Gotta Garden

Wednesday, March 28, 2007

Garden Trips: Riverbanks Zoo and Garden

Located in Columbia, South Carolina, Riverbanks Zoo & Garden is a fun place to spend an afternoon. The site of the previous SCMMGA symposium I had attended, I glanced around while there but didn't really explore it like I wanted. This time, we concentrated just on the garden.

Entering through a shady area, Bloodroot was blooming:


An unidentified iris was bright:

Wish your garden looked like this?


What would a garden be without fountains?


Great pot, although what's in it isn't alive:


You can see where they're going:


This pot is definitely wild:



A very favorite and very fragrant Clematis Armandii...here at Riverbanks was where I first smelled this clematis:



Closer....can you...almost...smell it??



Something I had never seen before...a variegated gardenia:



Mahonia, looking very fine:


Hellebores surrounding a crepe/crape myrtle:


A most colorful prickly pear:


On our way out, the ultimate hanging basket (huge, if you can't tell):


That's all for now. Tomorrow, assuming my jury duty is over, we'll take a very fun stroll through a very nice nursery.

10 comments:

Annie in Austin said...

This looks like a wonderful place, Gotta Garden. I've been in South Carolina but not to Columbia - never knew it had something like this.

But it's so dangerous to look at your photos - I want one of everything, including the Clematis armandii!

Annie at the Transplantable Rose

RUTH said...

A lovely look round the gardens. Although most of the plants we can grow in the UK I've never heard of the Bloodroot.

Yolanda Elizabet said...

That pot, gaaaaaaaa, that's not wild, it's just plain ugly. :-)

Except for the prickly pear and that pot, this garden looks absolutely lovely.

And that last pic? Now that is what I call a hanging basket. ;-)

BTW Today's special on Bliss: pics of cute kitties, and lots of them, and inbetween, some words. ;-p

Blackswamp_Girl said...

Great pictures! I assume that the plants around the "wild pot" are some kind of Swiss Chard? I wish I could find some that color for my place!

Annie in Austin said...

Since this is a zoo, I think the pot kind of looks at home - and visiting children probably love it.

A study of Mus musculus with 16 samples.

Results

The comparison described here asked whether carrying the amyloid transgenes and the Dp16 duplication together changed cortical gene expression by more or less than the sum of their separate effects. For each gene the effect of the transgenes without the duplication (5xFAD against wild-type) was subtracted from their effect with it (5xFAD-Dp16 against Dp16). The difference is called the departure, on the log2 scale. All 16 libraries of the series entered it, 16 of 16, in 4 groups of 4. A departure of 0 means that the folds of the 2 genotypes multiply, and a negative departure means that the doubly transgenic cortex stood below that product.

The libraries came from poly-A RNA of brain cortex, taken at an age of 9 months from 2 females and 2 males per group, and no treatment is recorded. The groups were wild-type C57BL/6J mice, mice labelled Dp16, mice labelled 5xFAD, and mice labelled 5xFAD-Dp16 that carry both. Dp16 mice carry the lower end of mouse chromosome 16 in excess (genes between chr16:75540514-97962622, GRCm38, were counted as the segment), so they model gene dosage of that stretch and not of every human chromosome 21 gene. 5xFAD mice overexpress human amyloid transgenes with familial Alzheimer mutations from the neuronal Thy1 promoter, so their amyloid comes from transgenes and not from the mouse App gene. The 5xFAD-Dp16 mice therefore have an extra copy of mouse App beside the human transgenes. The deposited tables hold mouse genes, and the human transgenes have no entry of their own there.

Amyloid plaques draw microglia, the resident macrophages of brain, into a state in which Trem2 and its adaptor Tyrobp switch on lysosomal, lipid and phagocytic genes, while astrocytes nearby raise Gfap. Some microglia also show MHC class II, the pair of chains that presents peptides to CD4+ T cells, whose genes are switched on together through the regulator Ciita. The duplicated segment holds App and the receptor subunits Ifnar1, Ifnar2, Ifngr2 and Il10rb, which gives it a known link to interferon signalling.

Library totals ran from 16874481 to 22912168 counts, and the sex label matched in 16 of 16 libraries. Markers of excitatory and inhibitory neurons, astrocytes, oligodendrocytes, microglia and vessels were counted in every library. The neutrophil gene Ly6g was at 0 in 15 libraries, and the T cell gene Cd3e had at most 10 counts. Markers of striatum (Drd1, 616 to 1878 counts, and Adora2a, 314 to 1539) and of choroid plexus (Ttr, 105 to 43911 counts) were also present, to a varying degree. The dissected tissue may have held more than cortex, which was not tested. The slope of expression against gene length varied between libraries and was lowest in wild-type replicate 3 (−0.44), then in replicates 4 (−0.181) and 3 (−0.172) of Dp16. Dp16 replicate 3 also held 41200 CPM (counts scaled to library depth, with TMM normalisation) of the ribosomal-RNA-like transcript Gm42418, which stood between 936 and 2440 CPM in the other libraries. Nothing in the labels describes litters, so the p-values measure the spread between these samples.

GottaGarden, do you think the plant Kim likes could be a purple -leaved bergenia?

Annie

Kate said...

The hanging pot is incredible. When I saw the bloodroot, I had an incredible pang of wanting spring here. The clematis is gorgeous and I would like one of those. On second thought, I'd also like a variegated gardenia.

sisah said...

Thank you for that tour around, I enjoyed it very much and would like to have a trip there myself. It is a bit too far away though.
For my northern german eyes quite unsusal plant mixtures/companions: small palm trees amongst helleborus. And that giraffe patterned pot is really ugly but I still like it!

Gotta Garden said...

Oh Annie, you should try it! The fragrance is outstanding...although it is a rather big clematis...lol! I'm hoping mine will climb up and cover the deck stairs' railing...I guess I won't think about if the stairs need repairing or anything!

Ruth, maybe you know it by its proper name, Sanguinaria canadensis? It's rather sweet looking, I think, but not especially long lasting.

Hi YE: Lol! It's rather...striking, I suppose. My sister went up and felt it and said it was like Linoleum...though, why anyone would put that on their floor, I can't imagine! I guess, if nothing else, it is attention getting.

Hi b_s girl: I went back through the pictures and I do have one (which I'll try to post a quick picture of for you) that might be it?? The sign says: Brassica oleracea (Acephala Group) 'Redbor'...Ornamental Kale

Lol, Annie! Good point...I certainly had never seen anything quite like it! After the lecture on container gardening (the day before), I suppose I was on the alert for 'unusual' groups! Lol! Better container pictures when I get the Woodley's stuff up...I really am going to! You know, Annie, maybe? Things weren't labeled quite as well as I would have liked...but when I put the picture up for blackswamp_girl, maybe she'll let me know if that's the one. Thanks for the comments...your thoughts always welcome and looked forward to!

Hi Kate! I hope spring is near...I'll be checking your blog and will celebrate its arrival with you! Oh, I do love fragrant plants! The gardenia was so eye-catching, I read the label twice! It looks nothing like traditional gardenias...no glossy leaves! And, then, it turns out, my sister has one, too! Lucky her! I'm thinking it must be difficult, although I don't know...it looked like the leaves were crisping up...we saw another one in a container with sun plants...and it didn't look happy at all. But, I'm with you...what a neat plant (and even with all that, if I came across one, I'd have to try it!)

Hi Sisah: It's interesting, isn't it, to see what other folks do! I'm guessing the crepe/crape myrtle provides enough shade (once it gets its leaves) for the hellebores...but, I agree that palm was wild (SC is the palmetto state)...now that I think of it, I remember Barry Glick saying hellebores could take much more sun (although they would look awful)...and that they increased rapidly with the sun...maybe that accounts for it! Lol! See, you noticed the giraffe pattern...I'm guessing Annie is right...it's for the kids!

Thank you all! I appreciate so much hearing from you!

lisa said...

Thanks for that arisaema pic...I actually grew that sucessfully up here in zone 4, but lost it when I had to move the garden it was in-better buy another!

Gotta Garden said...

Hi Lisa: Sorry I missed you! Interesting, aren't they? Now, I'm wising I had purchased one I saw yesterday...shoulda, woulda, coulda!